Hoeven: Minot Awarded $74.3 Million in HUD's National Disaster Resilience Competition

Senator Pushed City's Cause with Department of Housing and Urban Development

WASHINGTON  – Senator John Hoeven, a member of the Senate Appropriations Committee, today announced that the city of Minot has been awarded $74.3 million in the National Disaster Resilience Competition (NDRC), which made $1 billion available on a competitive basis to increase the safety and security of communities that have experienced natural disasters. The senator notified Minot Mayor Chuck Barney of the award this afternoon.

Minot was one of 13 communities selected from 40 applications to receive an award. The applicants included both cities and states, like New York, Chicago and New Orleans. The funds will help Minot both recover from the previous disaster and make plans, decisions, and investments that make them more resilient to the next disaster.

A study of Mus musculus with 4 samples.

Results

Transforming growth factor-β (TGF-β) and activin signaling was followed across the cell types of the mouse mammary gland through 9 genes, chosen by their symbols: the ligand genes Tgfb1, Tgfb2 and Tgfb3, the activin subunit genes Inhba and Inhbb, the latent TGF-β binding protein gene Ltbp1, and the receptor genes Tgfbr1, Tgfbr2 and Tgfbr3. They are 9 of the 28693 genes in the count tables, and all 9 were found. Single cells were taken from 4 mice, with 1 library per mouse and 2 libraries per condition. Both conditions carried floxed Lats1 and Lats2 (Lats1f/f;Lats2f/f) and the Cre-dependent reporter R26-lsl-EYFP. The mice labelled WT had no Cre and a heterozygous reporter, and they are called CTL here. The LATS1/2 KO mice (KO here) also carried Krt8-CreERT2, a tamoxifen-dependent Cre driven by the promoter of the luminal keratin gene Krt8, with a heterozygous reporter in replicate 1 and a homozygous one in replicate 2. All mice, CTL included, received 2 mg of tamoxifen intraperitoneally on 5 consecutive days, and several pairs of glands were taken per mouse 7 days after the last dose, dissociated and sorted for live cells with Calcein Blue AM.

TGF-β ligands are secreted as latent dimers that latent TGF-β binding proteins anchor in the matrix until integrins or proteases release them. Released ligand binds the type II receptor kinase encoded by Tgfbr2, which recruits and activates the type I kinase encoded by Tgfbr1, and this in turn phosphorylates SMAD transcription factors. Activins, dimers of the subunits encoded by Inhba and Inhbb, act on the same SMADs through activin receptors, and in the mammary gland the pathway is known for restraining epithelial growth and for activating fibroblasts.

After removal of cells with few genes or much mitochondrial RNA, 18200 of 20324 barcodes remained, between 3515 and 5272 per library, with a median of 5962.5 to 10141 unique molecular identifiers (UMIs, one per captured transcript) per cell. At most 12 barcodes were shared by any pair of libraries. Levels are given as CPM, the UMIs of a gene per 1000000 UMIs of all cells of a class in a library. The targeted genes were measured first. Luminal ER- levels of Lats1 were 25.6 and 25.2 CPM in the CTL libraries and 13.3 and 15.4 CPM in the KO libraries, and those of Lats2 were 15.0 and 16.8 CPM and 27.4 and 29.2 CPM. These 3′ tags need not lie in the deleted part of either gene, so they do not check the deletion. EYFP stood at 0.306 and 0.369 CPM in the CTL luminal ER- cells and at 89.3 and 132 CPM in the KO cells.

“This is certainly good news for the community of Minot, which has demonstrated its resilience in so many ways since the historic flooding of 2011,” Hoeven said. “The city has worked earnestly to recover and address the community’s vital needs, including increasing the size of its workforce, boosting the supply of affordable housing, broadening its economic base and providing rigorous protection against future flooding.”

Hoeven met with Minot city and Ward County officials to brief them about the NDRC and last year wrote a letter of support for the city’s application to the national competition. The NDRC was created as part of the Department of Housing and Urban Development’s Community Development Block Grant Disaster Recovery (CDBG-DR) Program, and Hoeven worked to ensure Minot would be eligible for the program.

Approximately $180 million is set aside specifically for the Hurricane Sandy region and $820 million was made available on a competitive basis. All states and local governments that experienced a presidentially-declared major disaster in 2011, 2012, or 2013 were eligible to compete. Applicants needed to show how their proposed action relates to the disaster from which they are recovering. HUD worked to ensure that geographic diversity was considered in the selection of participating communities.